As readers of Smart Marathon Training know, cycling is a great option for cross-training, providing runners with a valuable tool to build supporting and opposing muscle groups while building a bigger cardio engine, all without adding more stress onto tired or sore joints.
     To get the most out of your cycling, though, you need to know what you should be doing once you climb onto the saddle.  Here are some good tips to get started:
     Pedaling   Try to relax; cycling tense will drain your power and shorten your workout.  At the same time, aim to also get a feel for your application of power on the pedal stroke.  Smooth your pedal stroke and fly up hills by learning to pull back and up on the pedals.  This will help you generate more power.
     On the downstroke, learn to pull back.  Imagine that you are scraping mud from the bottom of your shoes.  With practice, your pedal stroke will become more efficient.
One good rule of cycling is the same as in skiing: never look where you don’t want to go!  generally, you will end up riding your bike exactly at the spot you’re looking at.  This can be a dangerous problem when cornering.  Aim to look to the inside of the turn so you stay on track. As you get comfortable with this, practice accelerating once you are halfway through the turn.
If you don’t shift enough, you can end up exhausted and injured, as you will be applying too much stress to your knees.  Avoid this by paying attention to your cadence: aim for 70 to 90 pedal revolutions per minute. Adjust your gearing accordingly to maintain your pedaling rate.  If it’s hard to pedal, drop into an easier gear.
     Don’t be overwhelmed by the gear options. Your main rule is to avoid cross-gearing with the chain.  That’s the situation when you have the chain on the farthest gear on your front cassette, and the opposite farthest gear on your rear cassette.  This puts a lot of strain on the chain (and can cause that clicking sound you might have been hearing).  Instead, aim to adjust the gears so that the chaing is as straight as can be, in whatever sequence you choose.
     Another good tip on gearing is to remember that the front gears are for making big dramatic changes, while the rear gears allow for more subtle, minute changes.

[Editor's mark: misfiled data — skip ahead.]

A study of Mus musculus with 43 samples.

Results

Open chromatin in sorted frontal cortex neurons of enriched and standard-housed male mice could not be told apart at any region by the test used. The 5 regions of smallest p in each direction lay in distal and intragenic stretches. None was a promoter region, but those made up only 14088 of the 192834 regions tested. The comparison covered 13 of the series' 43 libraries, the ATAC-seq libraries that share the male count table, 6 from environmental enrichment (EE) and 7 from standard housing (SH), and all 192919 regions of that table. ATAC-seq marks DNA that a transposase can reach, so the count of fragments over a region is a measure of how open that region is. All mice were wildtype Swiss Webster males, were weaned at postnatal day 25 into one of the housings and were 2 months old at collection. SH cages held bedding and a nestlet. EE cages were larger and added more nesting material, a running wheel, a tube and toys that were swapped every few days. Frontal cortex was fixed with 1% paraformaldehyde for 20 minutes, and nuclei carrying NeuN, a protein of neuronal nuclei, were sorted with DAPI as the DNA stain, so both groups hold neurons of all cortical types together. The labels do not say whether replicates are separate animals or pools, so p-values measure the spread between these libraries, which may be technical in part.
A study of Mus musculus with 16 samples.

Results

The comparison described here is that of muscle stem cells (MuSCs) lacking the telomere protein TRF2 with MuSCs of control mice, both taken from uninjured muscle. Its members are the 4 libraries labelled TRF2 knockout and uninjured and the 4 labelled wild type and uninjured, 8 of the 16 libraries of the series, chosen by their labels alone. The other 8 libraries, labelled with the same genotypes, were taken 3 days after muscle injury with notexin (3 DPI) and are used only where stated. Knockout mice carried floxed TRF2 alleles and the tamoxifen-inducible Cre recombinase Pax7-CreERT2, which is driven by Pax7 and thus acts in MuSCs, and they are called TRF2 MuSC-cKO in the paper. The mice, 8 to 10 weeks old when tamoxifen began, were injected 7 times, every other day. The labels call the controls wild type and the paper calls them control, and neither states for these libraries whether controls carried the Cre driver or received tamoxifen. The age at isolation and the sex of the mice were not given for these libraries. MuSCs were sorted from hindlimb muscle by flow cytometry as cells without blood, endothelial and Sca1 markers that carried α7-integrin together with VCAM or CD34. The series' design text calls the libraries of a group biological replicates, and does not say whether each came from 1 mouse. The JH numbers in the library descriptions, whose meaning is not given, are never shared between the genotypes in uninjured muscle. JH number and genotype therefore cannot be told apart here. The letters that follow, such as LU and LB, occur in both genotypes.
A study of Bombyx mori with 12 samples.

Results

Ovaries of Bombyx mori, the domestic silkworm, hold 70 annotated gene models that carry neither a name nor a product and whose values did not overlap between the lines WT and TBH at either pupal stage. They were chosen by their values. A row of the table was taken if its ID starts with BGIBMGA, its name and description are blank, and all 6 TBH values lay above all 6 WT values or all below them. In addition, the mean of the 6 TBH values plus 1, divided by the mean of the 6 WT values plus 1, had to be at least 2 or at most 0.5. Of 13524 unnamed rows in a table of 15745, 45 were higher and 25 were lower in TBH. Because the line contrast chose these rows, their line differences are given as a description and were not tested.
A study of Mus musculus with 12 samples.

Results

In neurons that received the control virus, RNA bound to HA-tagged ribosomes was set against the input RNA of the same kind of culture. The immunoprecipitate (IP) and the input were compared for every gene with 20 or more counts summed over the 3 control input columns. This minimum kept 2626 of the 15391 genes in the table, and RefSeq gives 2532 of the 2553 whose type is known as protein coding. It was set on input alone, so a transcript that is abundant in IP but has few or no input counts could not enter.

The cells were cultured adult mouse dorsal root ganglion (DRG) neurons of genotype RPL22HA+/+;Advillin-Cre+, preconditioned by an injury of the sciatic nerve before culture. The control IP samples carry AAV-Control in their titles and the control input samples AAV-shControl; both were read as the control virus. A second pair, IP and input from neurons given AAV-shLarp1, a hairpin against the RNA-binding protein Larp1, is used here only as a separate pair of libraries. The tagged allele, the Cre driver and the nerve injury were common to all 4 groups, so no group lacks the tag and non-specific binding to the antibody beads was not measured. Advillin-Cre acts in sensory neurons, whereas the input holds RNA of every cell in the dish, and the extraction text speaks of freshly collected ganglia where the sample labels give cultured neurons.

All of these tips are good, but nothing beats getting out there and practicing, so try to get in the saddle as often as possible.



About horowitzrun

Jeff is a certified running, cycling, and triathlon coach, and is the author of "My First 100 Marathons" (Skyhorse Press 2008) and "Smart Marathon Training" (Velo Press 2011). An obviously addicted runner, Jeff has run at least one marathon in every state and on 6 continents, including marathons in South Africa, China, Bangkok, and Antarctica. Jeff is available for group, one-on-one, and virtual coaching. Options include: 1. Basic Training Plan. This includes a customized training schedule geared towards a goal race, with a detailed running schedule that would include all distances and target times for each workout, including speedwork, tempo, and endurance sessions. 2. Complete Fitness and Race Plan. This includes the plan listed above, plus the non-running workouts and drills that runners need for better overall fitness and performance. You would get strength & core workouts, as well as run-specific training drills and stretches. 3. Virtual Coaching. This includes all of the above, implemented on a week-by-week basis. We review each week's progress at week's end so that adjustments can be made. The program is tailored to suit you right up to race day. It involves more contact, on a weekly or even daily basis. 4. Full Coaching for athletes in the Washington DC area. All of the above, plus a weekly workout together including speedwork, drills, and strength training. 5. Individual track sessions. One-on-one track-based workouts. Contact Jeff for pricing.